In the first six months of the year, the UK edition of The Economist sold 236,369 copies – marginally ahead of the Eye on 235,577.
The satirical magazine, edited by Ian Hislop, overtook the economically liberal weekly in the last ABC figures, for the second half of 2016.
When free copies and sales of the magazine’s international editions are included, The Economist was further ahead, 255,038 to Private Eye’s 235,883.
The Economist’s actively purchased copies were up 4.4% on the second half of last year, and up 5.1% year-on-year, while Private Eye’s were up 8.5% year-on-year, but down 0.5% on the second half of 2016.
Michael Brunt, chief marketing officer and managing director of circulation at The Economist, said the boost in paid sales had helped the publisher increase circulation revenue by 21% and profits by 52% year-on-year.
Brunt said: "Our commitment to circulation profitability continues to succeed as we have doubled profitability over the past two years, making our circulation business become the largest contributor of profits to The Economist Group for the first time in our 174-year history.
"We continue to invest across the many digital and offline marketing channels available to us, while introducing new marketing technologies designed to help us optimise our acquisition and conversion activities."
The total paid circulation across eight current affairs titles – The Week, Prospect, The Economist, The Spectator, The Oldie, Private Eye, Monocle and MoneyWeek – was 815,802, up 3.3% from last period, and 6.2% year-on-year.
The biggest winner by far was Prospect, which increased its actively purchased circulation 64.5% on the previous period, from 18,063 to 29,721. Year-on-year, its sales were up 73.8%. The magazine’s total UK circulation, including free copies, was 38,639.
Alex Stevenson, commercial director at Prospect, said the circulation growth had been on the back of effective marketing, a strong reader events programme, and a continued interest in the unfolding story of Brexit.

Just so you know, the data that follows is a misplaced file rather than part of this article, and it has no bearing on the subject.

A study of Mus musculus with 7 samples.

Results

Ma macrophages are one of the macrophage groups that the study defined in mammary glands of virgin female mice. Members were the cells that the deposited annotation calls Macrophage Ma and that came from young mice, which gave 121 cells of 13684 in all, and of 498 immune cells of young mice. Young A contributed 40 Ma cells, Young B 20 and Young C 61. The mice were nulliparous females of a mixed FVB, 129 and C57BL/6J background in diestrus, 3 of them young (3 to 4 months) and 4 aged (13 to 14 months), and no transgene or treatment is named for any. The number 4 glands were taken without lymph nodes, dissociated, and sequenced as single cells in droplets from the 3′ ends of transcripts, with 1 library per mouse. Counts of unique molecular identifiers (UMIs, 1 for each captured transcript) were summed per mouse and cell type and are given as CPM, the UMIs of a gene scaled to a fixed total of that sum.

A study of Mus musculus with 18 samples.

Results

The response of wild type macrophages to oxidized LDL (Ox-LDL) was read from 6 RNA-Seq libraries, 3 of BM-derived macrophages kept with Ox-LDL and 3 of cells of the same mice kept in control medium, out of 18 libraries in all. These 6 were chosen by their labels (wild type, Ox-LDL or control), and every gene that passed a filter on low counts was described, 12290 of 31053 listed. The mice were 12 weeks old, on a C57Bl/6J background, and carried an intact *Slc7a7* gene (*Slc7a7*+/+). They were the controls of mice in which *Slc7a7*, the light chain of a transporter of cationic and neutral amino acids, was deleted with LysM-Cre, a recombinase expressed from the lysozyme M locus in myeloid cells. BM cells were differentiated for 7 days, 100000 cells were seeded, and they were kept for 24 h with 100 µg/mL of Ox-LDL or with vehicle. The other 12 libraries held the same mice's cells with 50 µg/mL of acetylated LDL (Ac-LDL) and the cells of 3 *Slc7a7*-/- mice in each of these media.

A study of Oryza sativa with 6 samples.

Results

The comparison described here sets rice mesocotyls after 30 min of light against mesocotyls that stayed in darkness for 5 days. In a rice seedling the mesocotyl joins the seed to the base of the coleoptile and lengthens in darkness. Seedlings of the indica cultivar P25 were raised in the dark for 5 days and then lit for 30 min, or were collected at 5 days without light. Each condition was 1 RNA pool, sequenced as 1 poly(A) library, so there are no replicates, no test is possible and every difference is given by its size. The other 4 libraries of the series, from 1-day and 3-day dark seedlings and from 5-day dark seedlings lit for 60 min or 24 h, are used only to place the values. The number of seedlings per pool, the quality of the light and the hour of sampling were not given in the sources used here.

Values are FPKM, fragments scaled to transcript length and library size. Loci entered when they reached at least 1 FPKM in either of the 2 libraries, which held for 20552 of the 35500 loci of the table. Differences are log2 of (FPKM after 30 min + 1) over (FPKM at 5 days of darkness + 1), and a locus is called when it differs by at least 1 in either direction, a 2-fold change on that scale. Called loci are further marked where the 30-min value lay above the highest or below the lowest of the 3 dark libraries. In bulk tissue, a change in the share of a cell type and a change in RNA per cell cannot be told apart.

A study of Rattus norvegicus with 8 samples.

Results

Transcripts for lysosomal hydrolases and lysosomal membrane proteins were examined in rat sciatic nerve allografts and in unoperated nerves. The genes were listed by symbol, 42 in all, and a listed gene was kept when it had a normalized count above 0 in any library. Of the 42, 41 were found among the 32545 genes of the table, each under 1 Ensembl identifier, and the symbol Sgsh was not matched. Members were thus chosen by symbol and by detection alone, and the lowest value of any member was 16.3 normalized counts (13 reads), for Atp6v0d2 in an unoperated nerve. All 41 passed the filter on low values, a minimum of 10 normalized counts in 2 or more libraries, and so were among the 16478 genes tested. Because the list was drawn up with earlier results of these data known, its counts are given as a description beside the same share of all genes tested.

He added that Donald Trump’s election had given the magazine "a massive boost" initially, but Brexit was proving to be the issue that was now driving reader interest.
He said that despite the challenges facing print media, he hoped advertisers would take notice of the magazine’s growing audience: "If organisations are looking at relevance, this shows we’re going to the right kind of people that certain advertisers want."
The only other title to grow its paid circulation was The Spectator, which sold 68,420 copies, up 10% on the prior period, and 15.2% year-on-year.
Most other current affairs titles saw circulations fall slightly on the previous period. The Week was flat on 148,277 paid copies; The Oldie was down 0.2% to 40,694; Monocle down 1.1% to 11,994; and MoneyWeek down 1.2% to 44,750.
Men's health concerns
Men’s lifestyle titles, meanwhile, experienced steeper declines – especially Men’s Health, down 15.9% to 99,419 actively purchased copies, and Esquire, down 13.3% to 25,419.
Across four paid titles measured – Men's Health, GQ, Esquire and Wired – actively purchased sales were 216,827, down 11.2% on the previous period, and down 14.7% year-on-year.
Duncan Chater, chief brand officer, luxury, young women and wellness at Hearst, which publishes both Men's Health and Esquire, said that the figures for actively purchased copies did not fully represent the performance of either title.
"Esquire continues to innovate in print through partner marketing programmes, which are actively chosen and paid for by the consumer, and standalone brands such as The Big Watch Book," Chater said.
Men’s Health also has partner marketing programmes, which he said were actively chosen by the consumer but not reflected in actively purchased numbers.
Chater added: "Both brands are innovating and significantly growing their audiences across multiple touchpoints, including digital and events such as Esquire Townhouse and Men’s Health Survival of the Fittest."
The circulation of leading free title Shortlist dipped 0.3% to 503,089.